This morning’s news story about the managing editor of Virginia Quarterly Review committing suicide after being bullied by his boss brought more than 100 comments to the ABC News website. Most of the comments were from people who had been bullied by their bosses.
Isn’t it amazing that bullying bosses are so common?
I’ve often said to myself, Where do they find these people? Why do organizations hire bullies as bosses? For they do. And they keep those bullies in place, even when they’re driving out dedicated employees.
The story of boss Ted Genoways yelling at and belittling Kevin Morrissey, managing editor of award-winning Virginia quarterly Review, brought back memories of my own experience with a bullying boss. My experience also took place at a university. And I was also an editor of a university publication.
Unlike Kevin Morrissey, I did not suffer from depression. But my cruel boss and the university structure that supported her despite all evidence that she was destroying our department could have plunged me into depression. That’s for sure.
When she was hired as director of university communications, she took over a well-run department filled with employees who liked their work and who worked well together. So she could have ridden the wave of success without anyone knowing she incompetent.
But like many bullies, she could not allow the well-operating team to continue.
Like so many workplace bullies in supervisory positions, she changed many people’s assignments.
She reassigned a deaf graphic designer to answering department phones, and then belittled the designer when she couldn’t handle the job. A deaf person answering the phones. Can you imagine?
Because the designer was now answering phones, this supervisor decide that I should take over the design of the newspaper I wrote and edited. My writing/editing job took 40 hours a week, but the supervisor thought that because a specific computer program could design publications, I should be able to incorporate it into my editing duties.
I remember asking her what tasks I should drop in order to add this new series of tasks to my workload.
And I remember the look of total disdain she gave me as she said, "My job is to tell you what to do. Your job is to do it."
Being a conscientious employee with nine years of excellence in my position, I did my best to both edit and design the newspaper. Eventually the overwhelming workload caused a serious injury that put me out on medical leave.
I remember her screaming at the man who performed the public relations tasks for the university. I remember her kicking the wall of his office, slamming his door, and shouting that he was failing at his job. I learned later that his doctor told him to leave university employ because he was headed for a heart attack. All because of this workplace bully and the stress she was causing him.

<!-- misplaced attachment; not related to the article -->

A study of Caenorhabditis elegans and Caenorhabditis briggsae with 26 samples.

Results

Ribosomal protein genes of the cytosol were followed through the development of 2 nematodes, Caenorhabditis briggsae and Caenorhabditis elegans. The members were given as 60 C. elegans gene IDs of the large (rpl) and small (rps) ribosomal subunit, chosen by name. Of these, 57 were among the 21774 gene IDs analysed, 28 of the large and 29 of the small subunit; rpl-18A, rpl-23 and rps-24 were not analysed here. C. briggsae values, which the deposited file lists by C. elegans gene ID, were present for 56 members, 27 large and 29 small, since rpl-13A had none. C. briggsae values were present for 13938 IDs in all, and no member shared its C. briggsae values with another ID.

Several people left our department. Our budget ran out before the end of the budget year, complicating all our lives. I kept wondering why no one in the entire university administration saw what was going on.
Like Kevin Morrissey in this morning’s news story, I tried to find help for our department in the Human Resources Office. And just like Kevin Morrissey, I found no help there. In fact, after my meeting with HR, I was seen as a problem employee. I won’t go into detail, but I will say that after 11 years, I left a job I loved, and sued a university I loved, and settled for a decent amount.
Two or three years later, after completely devastating our department, the bully was fired, and she too sued. As I think back on those days, I think of all the careers that were ruined, the lives that were disrupted, the psychological torment and physical illness created because a workplace bully was in a top position and no one in the university cared to change that.
As my husband and I watched the morning news about Kevin Morrissey committing suicide because he could no longer endure his cruel boss or the university administration that supported that boss, we shook our heads in sadness.
My husband had his bullying boss story. Just like the 100 people who commented at the ABC News website.
"Why does the organization protect these rotten bullies?" I asked.
Al had an answer: "One reason is that the people above the bullies don’t want to be seen as making a hiring mistake," he said. "If they hired a bully or a loser or an incompetent, it makes them look bad. So they protect themselves by backing up the person they hired."
It’s so counter-productive. So in efficient. So totally destructive.
And in the case of Kevin Morrissey, it’s even worse.